St. Peter’s Hospital is one of 150 hospitals across the country taking part in a major clinical trial.
St. Peter’s Hospital began participating in the trial, called ECLPISE, two months ago under the supervision of Dr. Eric Roccario, an interventional cardiologist at Albany Associates in Cardiology, a practice of St. Peter’s Health Partners Medical Associates.
Conducted by Cardiovascular Systems, Inc. (CSI) in partnership with the Cardiovascular Research Foundation, ECLIPSE is a prospective, multi-center randomized clinical trial of approximately 2,000 patients with severely calcified coronary lesions. Such lesions are complex and often difficult to treat.
The trial seeks to evaluate orbital atherectomy vessel preparation compared to conventional angioplasty, or balloon treatment. CSI’s Diamondback 360 coronary orbital atherectomy system, which Dr. Roccario is using at St. Peter’s Hospital, is an FDA-approved device that uses a rotational device to essentially sand and remove calcium from the artery, making it easier to place a drug-eluting stent.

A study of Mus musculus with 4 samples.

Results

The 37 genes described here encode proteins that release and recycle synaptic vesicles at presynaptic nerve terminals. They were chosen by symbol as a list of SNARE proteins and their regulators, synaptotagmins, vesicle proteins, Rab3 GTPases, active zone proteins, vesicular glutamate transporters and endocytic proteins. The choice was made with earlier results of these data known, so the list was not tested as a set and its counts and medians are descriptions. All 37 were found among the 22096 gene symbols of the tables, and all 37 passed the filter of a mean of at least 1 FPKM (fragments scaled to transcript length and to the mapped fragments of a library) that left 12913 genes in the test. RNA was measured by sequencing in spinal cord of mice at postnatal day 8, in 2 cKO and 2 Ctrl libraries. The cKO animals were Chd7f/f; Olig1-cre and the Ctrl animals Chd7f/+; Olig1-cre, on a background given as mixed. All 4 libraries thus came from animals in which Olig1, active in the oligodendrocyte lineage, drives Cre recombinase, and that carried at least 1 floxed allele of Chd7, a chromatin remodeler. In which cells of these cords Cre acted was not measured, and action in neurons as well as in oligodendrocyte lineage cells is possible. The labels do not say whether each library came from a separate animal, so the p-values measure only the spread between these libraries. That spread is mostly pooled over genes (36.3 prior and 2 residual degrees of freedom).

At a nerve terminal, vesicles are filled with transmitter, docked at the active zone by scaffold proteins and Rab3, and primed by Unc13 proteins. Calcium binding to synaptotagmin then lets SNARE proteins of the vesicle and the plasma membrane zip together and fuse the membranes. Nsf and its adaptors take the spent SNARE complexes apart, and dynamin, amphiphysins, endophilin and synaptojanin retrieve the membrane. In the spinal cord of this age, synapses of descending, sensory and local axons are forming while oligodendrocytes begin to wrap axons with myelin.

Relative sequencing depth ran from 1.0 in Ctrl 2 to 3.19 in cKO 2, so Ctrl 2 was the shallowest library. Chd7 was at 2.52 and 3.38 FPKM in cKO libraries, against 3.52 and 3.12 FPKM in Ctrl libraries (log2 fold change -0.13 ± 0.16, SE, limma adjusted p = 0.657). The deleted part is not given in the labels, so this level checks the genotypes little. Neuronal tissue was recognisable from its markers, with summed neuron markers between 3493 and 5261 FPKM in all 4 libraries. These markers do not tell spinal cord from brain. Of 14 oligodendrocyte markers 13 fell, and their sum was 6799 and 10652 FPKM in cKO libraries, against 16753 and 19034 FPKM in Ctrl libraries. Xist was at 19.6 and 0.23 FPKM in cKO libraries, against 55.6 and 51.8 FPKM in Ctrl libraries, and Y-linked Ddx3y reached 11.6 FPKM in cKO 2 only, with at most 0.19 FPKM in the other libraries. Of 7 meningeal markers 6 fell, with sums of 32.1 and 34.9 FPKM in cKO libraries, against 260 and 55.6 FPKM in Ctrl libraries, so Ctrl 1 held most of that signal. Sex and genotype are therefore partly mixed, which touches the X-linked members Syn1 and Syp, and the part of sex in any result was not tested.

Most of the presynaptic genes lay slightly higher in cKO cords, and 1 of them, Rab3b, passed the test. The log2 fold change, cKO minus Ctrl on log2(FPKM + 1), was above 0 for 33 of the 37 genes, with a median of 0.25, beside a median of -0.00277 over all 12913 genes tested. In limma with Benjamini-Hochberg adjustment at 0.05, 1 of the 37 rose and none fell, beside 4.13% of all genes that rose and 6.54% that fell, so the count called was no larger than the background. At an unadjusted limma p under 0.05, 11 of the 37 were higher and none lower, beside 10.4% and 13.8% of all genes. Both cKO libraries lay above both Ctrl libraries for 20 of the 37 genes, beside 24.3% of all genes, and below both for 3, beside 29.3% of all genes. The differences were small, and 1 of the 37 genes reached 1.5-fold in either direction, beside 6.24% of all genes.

Dr. Roccario’s first patient, randomized to orbital atherectomy, had a successful outcome, and returned home the same day as the procedure. This patient, as well as others participating in the study, will be followed for a year, if not longer.
This trial is the largest such of its kind in exclusively severely calcified lesions. The findings could have a lasting impact on treatment guidelines for options for percutaneous coronary intervention (PCI), also known as coronary angioplasty.
St. Peter’s Hospital is a proven leader in heart care, recently receiving reaccreditation as a national Chest Pain Center with Primary PCI. The minimally invasive procedure opens narrowed or blocked coronary arteries with a balloon to relieve symptoms of heart disease or reduce heart damage during or after a heart attack.
Samaritan Hospital in Troy also received Chest Pain Center with Primary PCI Accreditation. To earn this designation, both St. Peter’s and Samaritan hospitals proved exceptional competency in treating patients with heart attack symptoms and offer primary PCI 24 hours a day, every day of the year.